Intrusive thoughts refer to distressing, unwanted thoughts that seemingly pop up out of nowhere. Some of the thoughts are repetitive, whereas others are more random and spontaneous. Intrusive thoughts also coincide with numerous mental health conditions, including anxiety disorders, mood disorders, post-traumatic stress disorder (PTSD), eating disorders, and substance use disorders.
Learning how to recognize and manage intrusive thoughts can help improve your emotional well-being.
Why Do We Have Intrusive Thoughts?
It's estimated that people experience between 12,00-60,000 thoughts per day. We're also biologically wired to survive, which means that the brain is consistently detecting threats and dangers. Intrusive thoughts are normal, and the vast majority of people experience them from time to time.
Intrusive thoughts vary in nature, but the common ones include:
Self-harm intrusive thoughts: These types of thoughts can sound like, "What if I just jumped off this building?" or "What if I stabbed myself with this knife right now?" These thoughts can exist even if someone has never self-harmed.
Violent intrusive thoughts: Violent thoughts can also be intrusive and may sound like, "What if I hit this pedestrian driving at this moment?" or "What if I threw this stapler at their head?" Many new parents also experience intrusive thoughts related to accidentally harming their baby.
Intrusive sexual thoughts: Sexual thoughts can also be intrusive, and they might be related to certain fetishes or desires. Sometimes they also have to do with fears of liking a specific sexual activity or wrongfully identifying with a particular sexual orientation.
Contamination and health-related intrusive thoughts: These thoughts may sound like, "What if I actually have brain cancer?" or "What if what I ate poisons me?" The chronic nature of these thoughts can result in obsessive-compulsive disorder (OCD).
Religiously-based intrusive thoughts: These disturbing thoughts relate to causing sin or breaking specific religious rules. This particular OCD subset is known as scrupulosity.
How to Cope With Intrusive Thoughts
Although intrusive thoughts pop up for most people, they can still be uncomfortable, shameful, and difficult to manage. If you struggle with a mental health condition related to your intrusive thoughts, navigating the situation can feel even more challenging.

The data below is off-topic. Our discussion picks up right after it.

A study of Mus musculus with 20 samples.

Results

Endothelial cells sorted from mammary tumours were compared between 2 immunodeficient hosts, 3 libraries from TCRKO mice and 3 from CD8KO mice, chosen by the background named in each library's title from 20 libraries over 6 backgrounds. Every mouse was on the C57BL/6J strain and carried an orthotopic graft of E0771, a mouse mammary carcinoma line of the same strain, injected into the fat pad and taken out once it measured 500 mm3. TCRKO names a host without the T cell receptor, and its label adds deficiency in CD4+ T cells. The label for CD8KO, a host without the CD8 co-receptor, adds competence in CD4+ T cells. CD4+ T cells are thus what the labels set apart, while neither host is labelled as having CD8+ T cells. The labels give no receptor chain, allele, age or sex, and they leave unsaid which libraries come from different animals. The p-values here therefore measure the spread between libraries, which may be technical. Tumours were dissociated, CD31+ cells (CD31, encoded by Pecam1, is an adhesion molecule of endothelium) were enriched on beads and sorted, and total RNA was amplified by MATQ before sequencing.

Here are some important reminders when you're experiencing intrusive thinking:
Label Them As Intrusive Thoughts or Junk Thoughts
The most important takeaway from intrusive thoughts is remembering that you are not a product of your thoughts. Thoughts are just thoughts- you don't have to act on them or let them determine your behavior whatsoever.
It may be simply helpful to tell yourself, "This is an intrusive thought," when you notice yourself experiencing distress. Aim to be as neutral about it as possible, as this can mitigate some of the anxiety associated with it.
Practice Mindfulness Meditation
It's tempting to want to resist or fight intrusive thoughts when they arise. But sometimes, it's easier to simply be present with it. Grounding techniques, including focusing on your breath or thinking about what you're grateful can bring you back to the present moment. The more you practice mindfulness exercises, the easier they become.
Avoid Judging Yourself
Intrusive thoughts are not indicative of core values. Some experts believe that we have intrusive thoughts as a way to subconsciously "check ourselves" to ensure that we don't actually act out on the disturbing thought.
With that, aim to practice self-compassion and kindness to yourself. You are not bad or broken for how you think. You can't control how you think, but you can control the actions you take in response to your thoughts.
Seek Mental Health Support
Intrusive thoughts can sometimes coincide with unhelpful repetitive behaviors. For example, if you have intrusive thoughts about germs or contamination, you might wash your hands compulsively. Or, if you have a strong urge to harm yourself, you might engage in cutting.
Likewise, recurring intrusive thoughts that worsen over time may indicate significant depression or anxiety symptoms. Therapy can help you understand the nature of your obsessive thoughts and help you learn how to better reduce stress and treat any underlying problem. A mental health professional also offers compassion and support, which may help you feel less alone in how you feel.
Coping With Intrusive Thoughts At Resurface Group
Unwanted intrusive thoughts can impact your mental health and emotional well-being, particularly if they are connected to a mental health disorder. In addition, a traumatic event can exacerbate intense thoughts long after the event is over.
At Resurface Group, we treat and support people recovering from addiction and mental health conditions. We can help you learn how to manage intrusive thoughts in a way that feels compassionate and feasible. If you're struggling to cope in your daily life, we are here for you.